Changes in Cognitive Skills in Bipolar Depression

The pressure of work is getting to her


What to wear to work today? Which of three projects has priority? What's the best day to choose a doctor's appointment? What should you make for dinner? In a state of depression, making even simple decisions can become a major undertaking, and more difficult decisions can become impossible. When indecision is accompanied by anxiety, being confronted by the necessity of making a choice can even lead to hysteria. People tend to think of a depressed person as being quiet and withdrawn, but if that person is backed into a corner, it can result in an emotional explosion or collapse.

  • Inability to Concentrate
    This can take two forms. It may be that no matter how hard you try, you simply cannot focus — on the task at hand, on a book you're trying to read, on the lecture you're attending, on the recipe you're following. Or it may be that your attention wanders without your being aware of it until someone points it out to you, or you suddenly notice you've been staring at the same page of your book for 20 minutes. Both can be embarrassing and frustrating. In either case, the inability to concentrate is an important condition to be noted.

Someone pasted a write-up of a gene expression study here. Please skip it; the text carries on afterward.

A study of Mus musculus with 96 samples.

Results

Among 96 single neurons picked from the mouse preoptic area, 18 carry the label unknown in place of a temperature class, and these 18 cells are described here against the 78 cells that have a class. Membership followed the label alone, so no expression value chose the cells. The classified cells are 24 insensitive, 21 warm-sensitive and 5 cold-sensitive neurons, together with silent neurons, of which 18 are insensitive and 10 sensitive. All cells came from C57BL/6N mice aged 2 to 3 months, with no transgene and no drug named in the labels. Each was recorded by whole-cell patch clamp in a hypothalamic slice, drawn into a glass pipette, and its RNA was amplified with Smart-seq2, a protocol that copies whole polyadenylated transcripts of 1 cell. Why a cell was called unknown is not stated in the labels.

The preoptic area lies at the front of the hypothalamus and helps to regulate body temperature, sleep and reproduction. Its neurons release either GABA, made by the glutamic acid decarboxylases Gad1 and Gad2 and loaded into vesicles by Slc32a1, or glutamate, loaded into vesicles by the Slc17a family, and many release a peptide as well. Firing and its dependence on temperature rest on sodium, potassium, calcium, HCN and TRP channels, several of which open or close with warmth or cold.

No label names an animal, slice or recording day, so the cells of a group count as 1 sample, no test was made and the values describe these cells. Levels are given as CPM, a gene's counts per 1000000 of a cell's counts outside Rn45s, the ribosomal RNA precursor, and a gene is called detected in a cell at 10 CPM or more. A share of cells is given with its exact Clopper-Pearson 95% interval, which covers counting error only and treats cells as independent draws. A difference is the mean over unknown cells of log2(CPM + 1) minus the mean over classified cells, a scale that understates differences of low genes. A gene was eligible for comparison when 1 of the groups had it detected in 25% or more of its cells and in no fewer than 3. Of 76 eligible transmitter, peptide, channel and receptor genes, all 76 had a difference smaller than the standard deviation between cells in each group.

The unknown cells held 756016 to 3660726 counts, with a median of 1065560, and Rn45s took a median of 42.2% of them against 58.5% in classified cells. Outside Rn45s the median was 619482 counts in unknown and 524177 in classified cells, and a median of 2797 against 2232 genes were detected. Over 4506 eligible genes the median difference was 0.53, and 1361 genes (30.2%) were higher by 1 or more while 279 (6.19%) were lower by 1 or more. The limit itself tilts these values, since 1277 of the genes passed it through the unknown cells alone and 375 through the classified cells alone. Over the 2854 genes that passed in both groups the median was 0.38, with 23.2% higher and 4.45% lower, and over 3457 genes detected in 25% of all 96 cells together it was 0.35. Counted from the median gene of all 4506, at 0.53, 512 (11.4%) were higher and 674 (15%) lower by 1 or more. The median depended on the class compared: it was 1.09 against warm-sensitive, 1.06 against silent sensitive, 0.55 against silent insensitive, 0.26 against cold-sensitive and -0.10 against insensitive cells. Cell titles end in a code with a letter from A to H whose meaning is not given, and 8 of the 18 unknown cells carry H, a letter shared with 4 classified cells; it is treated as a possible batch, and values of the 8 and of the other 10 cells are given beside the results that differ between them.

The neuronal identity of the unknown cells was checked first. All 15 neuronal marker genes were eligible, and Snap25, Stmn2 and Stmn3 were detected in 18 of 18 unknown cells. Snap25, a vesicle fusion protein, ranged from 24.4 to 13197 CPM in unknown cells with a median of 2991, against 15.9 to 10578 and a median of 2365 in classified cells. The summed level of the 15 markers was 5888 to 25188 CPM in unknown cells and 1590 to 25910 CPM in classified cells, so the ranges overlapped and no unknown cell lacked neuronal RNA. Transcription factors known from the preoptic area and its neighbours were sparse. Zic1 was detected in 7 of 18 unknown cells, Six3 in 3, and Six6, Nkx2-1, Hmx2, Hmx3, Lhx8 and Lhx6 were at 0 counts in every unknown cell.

• Problems with Memory
    Memory problems primarily occur as a result of poor focus — that is, because of difficulty concentrating, you simply didn't hear something that was said to you and so don't recall it later. But many cognitive processes become slower and less effective in depression, including memory.

  • Disorganization
    Disorganization is not exclusively a symptom of depression, nor is it necessarily a disorder. And it is perfectly possible for a manic or hypomanic person to be unorganized, but in that state, such a person isn't likely to be bothered by it and may, for example, know just where a particular item is in spite of having his belongings in a state of chaos.

As with all the depression symptoms we've covered, recognizing these symptoms is a key element in knowing when to get help. For example, if you are always indecisive, even when manic or hypomanic, indecision likely won't be an identifying characteristic of depression for you — unless you react to it differently depending on your mood. If you can laugh it off when hypomanic but are filled with anxiety about it when depressed, you have a personal marker for your own depressive episodes.